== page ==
Beckett’s Happy Days

Interesting essay on some possible influences on Happy Days by Samuel Beckett.

In 1925 Samuel Beckett was reading modern languages at Trinity College. Is this Happy Days a lost source for his own play of the same title? It has always been assumed that Beckett named his 1960 drama after the hit song of 1929, “Happy Days are Here Again”. But the dates and location lend weight to the earlier entertainment as well. Might Winnie in her faltering performance of optimism be a grim reworking of those “happy-go-lucky girls”? After all, one of Beckett’s abortive titles for his Happy Days was “A Low Comedy”.

But what is the likelihood that Beckett joined the Olympia’s boisterous audience, or even saw the listing in the Times? When James Joyce said in 1903 that “the music hall, not Poetry, [is] a criticism of life”, Dublin was awash with musical farces and other variety entertainments. Twenty-odd years later, music hall was a dying art. Deirdre Bair, Beckett’s first biographer, nevertheless writes that he made a habit of frequenting the Olympia and the Gaiety, as well as the more genteel Theatre Royal, a taste he did not outgrow when living in Paris after he had graduated from Trinity. He discovered the French strain of music hall, which derived from café concert, at the Bobino, attending “frequently, even in the afternoons, and nearly always by himself”.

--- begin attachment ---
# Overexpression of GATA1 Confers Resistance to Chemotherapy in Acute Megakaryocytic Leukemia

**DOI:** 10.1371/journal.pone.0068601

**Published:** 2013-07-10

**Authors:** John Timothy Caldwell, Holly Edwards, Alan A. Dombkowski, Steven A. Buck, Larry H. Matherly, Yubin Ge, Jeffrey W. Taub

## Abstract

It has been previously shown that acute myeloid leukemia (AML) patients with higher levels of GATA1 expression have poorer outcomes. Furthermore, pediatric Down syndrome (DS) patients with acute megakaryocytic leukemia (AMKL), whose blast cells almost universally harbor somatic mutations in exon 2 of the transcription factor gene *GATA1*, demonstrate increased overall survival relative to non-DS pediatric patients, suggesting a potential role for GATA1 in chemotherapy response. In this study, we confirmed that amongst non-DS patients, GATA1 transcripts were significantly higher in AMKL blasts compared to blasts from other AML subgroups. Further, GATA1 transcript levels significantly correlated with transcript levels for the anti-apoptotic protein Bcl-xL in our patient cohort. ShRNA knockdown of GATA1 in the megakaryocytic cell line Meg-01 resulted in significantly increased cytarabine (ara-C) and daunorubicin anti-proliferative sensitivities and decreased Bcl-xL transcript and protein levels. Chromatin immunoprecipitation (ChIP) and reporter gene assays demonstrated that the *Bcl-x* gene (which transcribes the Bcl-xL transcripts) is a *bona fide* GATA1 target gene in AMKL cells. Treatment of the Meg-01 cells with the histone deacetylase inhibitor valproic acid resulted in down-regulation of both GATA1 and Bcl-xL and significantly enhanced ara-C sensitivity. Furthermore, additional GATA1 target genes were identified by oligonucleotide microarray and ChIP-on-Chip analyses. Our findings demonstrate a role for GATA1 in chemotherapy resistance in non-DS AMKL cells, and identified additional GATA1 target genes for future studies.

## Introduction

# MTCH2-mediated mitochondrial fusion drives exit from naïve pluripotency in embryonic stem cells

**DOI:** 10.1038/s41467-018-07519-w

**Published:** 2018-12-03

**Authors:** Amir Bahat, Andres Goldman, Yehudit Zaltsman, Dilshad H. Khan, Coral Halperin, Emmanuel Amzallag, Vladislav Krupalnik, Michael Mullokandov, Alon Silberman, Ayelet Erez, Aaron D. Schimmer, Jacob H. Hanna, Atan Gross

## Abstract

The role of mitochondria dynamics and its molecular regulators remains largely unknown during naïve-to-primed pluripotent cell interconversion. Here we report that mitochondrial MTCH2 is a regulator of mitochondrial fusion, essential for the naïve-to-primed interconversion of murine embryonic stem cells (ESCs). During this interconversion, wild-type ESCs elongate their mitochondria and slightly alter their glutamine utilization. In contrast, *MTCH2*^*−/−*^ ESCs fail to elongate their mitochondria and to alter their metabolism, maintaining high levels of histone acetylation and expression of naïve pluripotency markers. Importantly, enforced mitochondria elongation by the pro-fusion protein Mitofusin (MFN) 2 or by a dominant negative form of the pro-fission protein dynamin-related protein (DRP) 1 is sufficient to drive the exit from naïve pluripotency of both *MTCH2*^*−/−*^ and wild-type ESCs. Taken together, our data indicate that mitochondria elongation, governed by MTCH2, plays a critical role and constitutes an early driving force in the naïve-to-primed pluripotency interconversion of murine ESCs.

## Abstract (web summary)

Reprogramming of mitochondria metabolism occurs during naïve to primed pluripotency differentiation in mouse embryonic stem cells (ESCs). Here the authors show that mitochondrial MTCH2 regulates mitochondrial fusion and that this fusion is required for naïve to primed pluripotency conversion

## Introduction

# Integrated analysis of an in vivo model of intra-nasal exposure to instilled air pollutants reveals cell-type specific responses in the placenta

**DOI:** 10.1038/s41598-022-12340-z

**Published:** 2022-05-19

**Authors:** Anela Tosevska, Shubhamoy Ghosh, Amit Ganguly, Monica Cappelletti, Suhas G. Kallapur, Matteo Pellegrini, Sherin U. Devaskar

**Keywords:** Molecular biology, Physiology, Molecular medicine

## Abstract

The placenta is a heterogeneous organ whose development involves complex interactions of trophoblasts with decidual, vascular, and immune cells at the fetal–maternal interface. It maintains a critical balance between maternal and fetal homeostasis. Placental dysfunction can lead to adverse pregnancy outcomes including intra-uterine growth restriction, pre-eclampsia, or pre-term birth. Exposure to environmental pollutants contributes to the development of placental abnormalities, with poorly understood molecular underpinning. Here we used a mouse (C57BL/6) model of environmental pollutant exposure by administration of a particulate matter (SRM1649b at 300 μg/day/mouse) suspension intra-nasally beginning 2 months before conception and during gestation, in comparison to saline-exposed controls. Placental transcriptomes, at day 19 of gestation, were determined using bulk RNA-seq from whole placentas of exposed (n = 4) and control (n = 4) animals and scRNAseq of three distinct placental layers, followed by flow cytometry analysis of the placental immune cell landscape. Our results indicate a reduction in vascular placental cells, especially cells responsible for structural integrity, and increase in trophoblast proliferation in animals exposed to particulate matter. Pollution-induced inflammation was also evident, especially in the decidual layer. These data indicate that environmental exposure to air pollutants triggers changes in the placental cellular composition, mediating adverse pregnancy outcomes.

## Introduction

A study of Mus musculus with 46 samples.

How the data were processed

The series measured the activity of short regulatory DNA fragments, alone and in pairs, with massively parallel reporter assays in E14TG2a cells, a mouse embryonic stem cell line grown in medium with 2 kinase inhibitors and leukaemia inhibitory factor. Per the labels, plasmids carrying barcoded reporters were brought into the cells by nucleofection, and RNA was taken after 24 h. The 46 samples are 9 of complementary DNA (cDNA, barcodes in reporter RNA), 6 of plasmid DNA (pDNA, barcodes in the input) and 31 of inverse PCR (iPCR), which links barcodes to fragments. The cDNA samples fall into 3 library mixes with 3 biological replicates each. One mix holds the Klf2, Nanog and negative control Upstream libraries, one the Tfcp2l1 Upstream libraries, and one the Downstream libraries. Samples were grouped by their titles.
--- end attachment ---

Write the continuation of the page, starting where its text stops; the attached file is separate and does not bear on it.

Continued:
Noting Beckett’s enthusiasm for these entertainments is not new; neither is spotting how they colour his work.

You Might Also Like:

More from Conversational Reading:

  1. Beckett Lectures on Literature The Guaridan: In 1961 an American academic, Tom Driver, quizzed Samuel Beckett about the confusion he found in his writing. Beckett replied: "The confusion is...
  2. From the Central Lavatory Review of Beckett’s Collected Poems: When Samuel Beckett was asked to write the libretto for a short opera in 1958, he managed to complete just...
  3. Happy New Year What do you resolve to read in 2008?...
  4. Happy New Year n/t...
  5. Happy Birthday Oulipo November 24: The French experimental writing group "Ouvroir de Littérature Potentielle" was founded on this day in 1960. The name translates as "Workshop of Potential...

Related posts brought to you by Yet Another Related Posts Plugin.

Got Something To Say:

Your email address will not be published. Required fields are marked *

*

Shop though these links = Support this site

Copyright © 2015. Powered by WordPress & Romangie Theme.